Asset allocation when retirement is near


Q. I’m 55 and I’m hoping to retire in five years. My investments are 65 percent in stocks and 35 percent in bonds. I’m wondering when, if ever, I should pare back the stocks? I have a high risk tolerance, but I don’t want to be stupid.
— Investor

A. Congrats on getting closer to retirement.

Many investors think they need to pare back their stock holdings when they approach retirement, but that’s not always the way to go.

A reduction in risk at retirement age may not be the best course of action for every investor, said Nicholas Scheibner, a certified financial planner with Baron Financial Group in Fair Lawn.

He said the theory of reduction in risk as you near retirement needs to be looked at more closely.

“The basis of the strategy is, when you stop working, you may need to withdraw from your portfolio to supplement your income,” he said. “As there is no more income to build the portfolio, taking excessive risk is dangerous.”

But, Scheibner said, not taking enough risk may lead to the portfolio lagging behind withdrawals, inflation and taxes.

He said it’s important to consider two factors that are different now than they may have been when this strategy was being regularly recommended.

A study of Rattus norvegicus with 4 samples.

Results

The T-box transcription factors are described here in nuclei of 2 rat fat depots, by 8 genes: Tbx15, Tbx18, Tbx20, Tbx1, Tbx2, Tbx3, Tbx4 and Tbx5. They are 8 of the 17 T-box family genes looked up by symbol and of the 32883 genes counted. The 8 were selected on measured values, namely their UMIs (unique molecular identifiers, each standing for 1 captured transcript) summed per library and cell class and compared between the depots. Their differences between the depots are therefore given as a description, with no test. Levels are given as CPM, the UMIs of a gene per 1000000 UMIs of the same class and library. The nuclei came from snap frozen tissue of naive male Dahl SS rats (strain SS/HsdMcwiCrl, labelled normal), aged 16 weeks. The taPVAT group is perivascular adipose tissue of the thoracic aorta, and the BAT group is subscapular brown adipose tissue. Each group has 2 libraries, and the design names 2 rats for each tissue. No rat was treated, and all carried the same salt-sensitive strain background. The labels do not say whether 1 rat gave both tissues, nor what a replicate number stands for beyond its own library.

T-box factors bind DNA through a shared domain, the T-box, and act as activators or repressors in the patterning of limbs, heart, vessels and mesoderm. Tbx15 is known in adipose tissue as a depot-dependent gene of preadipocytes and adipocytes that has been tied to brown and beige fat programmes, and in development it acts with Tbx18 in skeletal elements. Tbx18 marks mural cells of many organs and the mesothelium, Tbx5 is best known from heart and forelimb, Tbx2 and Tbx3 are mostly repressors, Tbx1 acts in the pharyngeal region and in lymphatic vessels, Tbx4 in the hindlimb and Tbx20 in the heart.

First, cash investments are not paying the same interest rates they were 20 years ago, Scheibner said. Keeping your portfolio heavily invested in short-term bonds and CDs may not be sustainable throughout your retirement if interest rates remain this low.

Second, he said, life expectancies have significantly increased, and someone who retires at age 65 could have another 20 to 30 years of life ahead of them.

“If you look at an investment strategy without age as a factor, and look at two components, time-horizon and risk tolerance, someone who has a 25-year time horizon and a high tolerance for risk, may not be properly invested with a portfolio of 80 percent bonds and 20 percent stocks,” he said. “You want to keep a strategy that works for you and build up cash in the portfolio as needed throughout the year. This will keep the bulk of your investments working for you.”

When it comes to your portfolio, it is important that you are invested in a strategy that aligns with your willingness and ability to take risk.

Willingness means what your tolerance for risk is. Scheibner said you can gauge your risk tolerance by completing a questionnaire to determine if you are risky or conservative or somewhere in between.

Then there’s ability: What is your ability to take risk based on a long-term financial plan that takes into account all of your resources and expenses?

He said it can be beneficial to have a financial advisor look at your goals and assets to get a holistic approach to investing.